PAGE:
Although Americans aged 65 years and older account for only 13.0% of the population, they consume one-third of all prescription medications each year. Increased life expectancy, age-related deterioration in health, and polypharmacy lead to a significant risk of potential medication errors. National Poison Data System studies have evaluated the older adult population and their interaction with poison centers; however, descriptive studies using regional poison center data to evaluate older adult–related medication errors, specifically in Alabama, have not been conducted. Our study assessed therapeutic errors in patients aged 65 years and older to evaluate the need for potential interventions by pharmacists and preventive education to reduce errors reported to the Regional Poison Control Center (RPCC) at Children’s of Alabama.Methods
A four-year retrospective analysis was conducted by gathering call-specific data from the RPCC toxiCALL database. Calls were included if they were made to the RPCC between January 1, 2010 and December 31, 2013, involved patients aged 65 years and older, and were coded as unintentional therapeutic errors. Analysis of call data was conducted using the Centers for Disease Control and Prevention’s EpiInfo version 18.104.22.168.Results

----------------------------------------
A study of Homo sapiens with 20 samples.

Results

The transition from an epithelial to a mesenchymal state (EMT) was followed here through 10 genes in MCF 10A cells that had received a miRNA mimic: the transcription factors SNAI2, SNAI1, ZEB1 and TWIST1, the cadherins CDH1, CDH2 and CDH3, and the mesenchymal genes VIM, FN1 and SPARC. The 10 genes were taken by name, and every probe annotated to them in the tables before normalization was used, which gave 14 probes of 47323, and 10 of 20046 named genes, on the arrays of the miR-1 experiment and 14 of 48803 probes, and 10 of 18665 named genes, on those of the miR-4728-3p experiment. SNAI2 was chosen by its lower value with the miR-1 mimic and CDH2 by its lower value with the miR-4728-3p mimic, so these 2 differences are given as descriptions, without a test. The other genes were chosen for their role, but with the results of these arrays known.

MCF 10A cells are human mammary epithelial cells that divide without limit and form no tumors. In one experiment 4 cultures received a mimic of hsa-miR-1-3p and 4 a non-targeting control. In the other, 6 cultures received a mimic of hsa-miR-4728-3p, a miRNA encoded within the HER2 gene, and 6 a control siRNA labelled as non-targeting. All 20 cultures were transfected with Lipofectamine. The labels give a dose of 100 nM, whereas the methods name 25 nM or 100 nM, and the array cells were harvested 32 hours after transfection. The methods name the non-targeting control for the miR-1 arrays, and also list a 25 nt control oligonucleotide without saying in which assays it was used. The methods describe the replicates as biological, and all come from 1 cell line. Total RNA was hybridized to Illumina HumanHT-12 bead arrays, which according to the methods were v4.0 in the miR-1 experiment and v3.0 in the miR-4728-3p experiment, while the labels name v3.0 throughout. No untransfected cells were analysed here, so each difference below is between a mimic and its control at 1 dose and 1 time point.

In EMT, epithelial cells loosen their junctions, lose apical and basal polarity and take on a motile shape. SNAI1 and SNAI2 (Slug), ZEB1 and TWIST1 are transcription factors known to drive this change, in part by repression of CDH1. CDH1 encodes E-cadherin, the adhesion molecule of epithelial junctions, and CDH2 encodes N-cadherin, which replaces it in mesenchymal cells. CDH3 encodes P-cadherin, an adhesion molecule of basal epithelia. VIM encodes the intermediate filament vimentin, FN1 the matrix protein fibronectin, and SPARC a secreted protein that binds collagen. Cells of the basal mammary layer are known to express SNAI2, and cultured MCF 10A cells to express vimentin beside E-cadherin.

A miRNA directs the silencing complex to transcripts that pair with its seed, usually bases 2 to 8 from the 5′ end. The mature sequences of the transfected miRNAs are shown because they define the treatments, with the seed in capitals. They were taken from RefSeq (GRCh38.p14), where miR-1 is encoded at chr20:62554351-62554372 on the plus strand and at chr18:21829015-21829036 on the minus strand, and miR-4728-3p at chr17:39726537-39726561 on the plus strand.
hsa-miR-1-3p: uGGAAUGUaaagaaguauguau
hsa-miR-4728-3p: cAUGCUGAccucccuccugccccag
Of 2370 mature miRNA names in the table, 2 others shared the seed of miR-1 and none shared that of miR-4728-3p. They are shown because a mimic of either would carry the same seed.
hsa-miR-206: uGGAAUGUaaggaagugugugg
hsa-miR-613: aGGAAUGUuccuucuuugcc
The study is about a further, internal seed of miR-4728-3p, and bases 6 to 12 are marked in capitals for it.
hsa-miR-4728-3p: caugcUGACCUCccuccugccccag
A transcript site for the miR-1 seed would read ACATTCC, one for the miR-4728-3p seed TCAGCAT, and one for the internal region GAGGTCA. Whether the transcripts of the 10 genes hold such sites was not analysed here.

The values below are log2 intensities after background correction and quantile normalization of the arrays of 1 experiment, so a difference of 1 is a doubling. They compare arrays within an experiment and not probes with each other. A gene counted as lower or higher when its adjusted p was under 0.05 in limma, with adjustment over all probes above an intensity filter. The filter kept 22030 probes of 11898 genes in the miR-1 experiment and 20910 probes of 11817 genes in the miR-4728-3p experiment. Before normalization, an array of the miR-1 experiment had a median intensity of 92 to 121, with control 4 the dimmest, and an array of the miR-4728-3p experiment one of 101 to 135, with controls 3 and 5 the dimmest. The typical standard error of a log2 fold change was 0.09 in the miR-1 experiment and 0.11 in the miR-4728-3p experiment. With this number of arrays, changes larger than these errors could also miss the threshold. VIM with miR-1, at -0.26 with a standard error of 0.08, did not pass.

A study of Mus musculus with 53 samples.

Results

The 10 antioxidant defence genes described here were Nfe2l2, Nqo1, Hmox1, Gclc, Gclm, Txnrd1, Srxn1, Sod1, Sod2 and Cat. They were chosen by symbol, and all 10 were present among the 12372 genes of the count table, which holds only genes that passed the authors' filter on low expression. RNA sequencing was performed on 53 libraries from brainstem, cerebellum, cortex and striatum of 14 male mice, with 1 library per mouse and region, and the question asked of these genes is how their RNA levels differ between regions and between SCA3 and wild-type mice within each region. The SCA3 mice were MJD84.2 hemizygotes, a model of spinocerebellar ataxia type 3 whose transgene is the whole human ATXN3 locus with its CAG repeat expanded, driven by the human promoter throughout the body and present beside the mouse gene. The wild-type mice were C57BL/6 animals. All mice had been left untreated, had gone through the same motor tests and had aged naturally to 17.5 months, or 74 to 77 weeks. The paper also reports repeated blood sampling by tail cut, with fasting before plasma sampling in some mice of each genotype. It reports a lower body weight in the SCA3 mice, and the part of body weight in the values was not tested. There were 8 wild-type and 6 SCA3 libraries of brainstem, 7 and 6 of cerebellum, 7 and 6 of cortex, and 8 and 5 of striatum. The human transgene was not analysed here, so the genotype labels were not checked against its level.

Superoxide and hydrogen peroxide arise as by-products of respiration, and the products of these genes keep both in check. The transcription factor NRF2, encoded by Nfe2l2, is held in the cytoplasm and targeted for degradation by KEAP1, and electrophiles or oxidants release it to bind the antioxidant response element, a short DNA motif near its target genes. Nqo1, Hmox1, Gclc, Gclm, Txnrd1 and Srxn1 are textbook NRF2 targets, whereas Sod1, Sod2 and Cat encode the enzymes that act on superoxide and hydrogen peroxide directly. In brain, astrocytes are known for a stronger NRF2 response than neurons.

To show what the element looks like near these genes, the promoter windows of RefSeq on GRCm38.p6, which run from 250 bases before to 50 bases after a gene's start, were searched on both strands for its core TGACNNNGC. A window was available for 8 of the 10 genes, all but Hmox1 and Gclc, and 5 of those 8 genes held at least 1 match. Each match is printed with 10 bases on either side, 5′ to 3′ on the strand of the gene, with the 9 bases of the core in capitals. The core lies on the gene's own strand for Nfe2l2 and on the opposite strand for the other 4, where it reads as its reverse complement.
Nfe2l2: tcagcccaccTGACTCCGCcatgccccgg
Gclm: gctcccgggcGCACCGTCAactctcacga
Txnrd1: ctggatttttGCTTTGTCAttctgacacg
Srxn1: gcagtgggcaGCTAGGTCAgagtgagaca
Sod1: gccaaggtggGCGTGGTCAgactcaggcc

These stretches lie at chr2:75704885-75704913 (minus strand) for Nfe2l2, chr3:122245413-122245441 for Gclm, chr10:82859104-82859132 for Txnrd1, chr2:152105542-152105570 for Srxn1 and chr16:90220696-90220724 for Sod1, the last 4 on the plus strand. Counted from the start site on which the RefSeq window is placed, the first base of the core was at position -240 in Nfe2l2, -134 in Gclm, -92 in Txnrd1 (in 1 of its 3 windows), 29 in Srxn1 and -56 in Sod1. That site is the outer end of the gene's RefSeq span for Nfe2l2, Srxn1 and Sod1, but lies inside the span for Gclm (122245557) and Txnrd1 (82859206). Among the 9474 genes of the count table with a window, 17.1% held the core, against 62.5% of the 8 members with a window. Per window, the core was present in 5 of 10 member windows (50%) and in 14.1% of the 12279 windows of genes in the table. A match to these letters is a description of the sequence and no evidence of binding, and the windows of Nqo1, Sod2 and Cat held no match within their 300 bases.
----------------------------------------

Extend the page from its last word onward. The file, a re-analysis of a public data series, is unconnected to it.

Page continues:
A total of 1699 calls were evaluated for patient demographics (sex, age), call data (month, year, shift, caller site), reason for therapeutic error, clinical effects, medical outcome, management site, and reported substance details. Nearly 40.0% of the therapeutic errors were caused by patients taking or being given the same medication twice. Five of the 15 reasons for therapeutic errors accounted for nearly 82.0% of all calls reported. The reasons included taking or being given the same medication twice (37.3%), taking or being given the wrong medication (14.6%), using an incorrect dosing route (13.1%), other incorrect dosing errors (9.9%), and taking doses too close together (7.5%). The top individual substance involved in a therapeutic error was reported verbatim by callers as Spiriva inhalation capsules (10.5%).Conclusions
Therapeutic error calls represent a significant and increasing proportion of calls made by older adults to the RPCC. The frequent interactions between healthcare providers and patients create opportunities to prospectively prevent medication problems in older adult patients. Healthcare providers, specifically pharmacists, should encourage clients to always read the label on medications and should counsel patients carefully when dispensing a product that is not an oral preparation. In addition, although national drug take-back days are conducted biennially, patients should be encouraged to dispose of old medications and expired over-the-counter medications. The RPCC toll-free telephone number (800-222-1222) may be displayed to educate patients on its 24-hour/day availability. Current data will be used to implement programs for pharmacist interventions and to create appropriate educational material.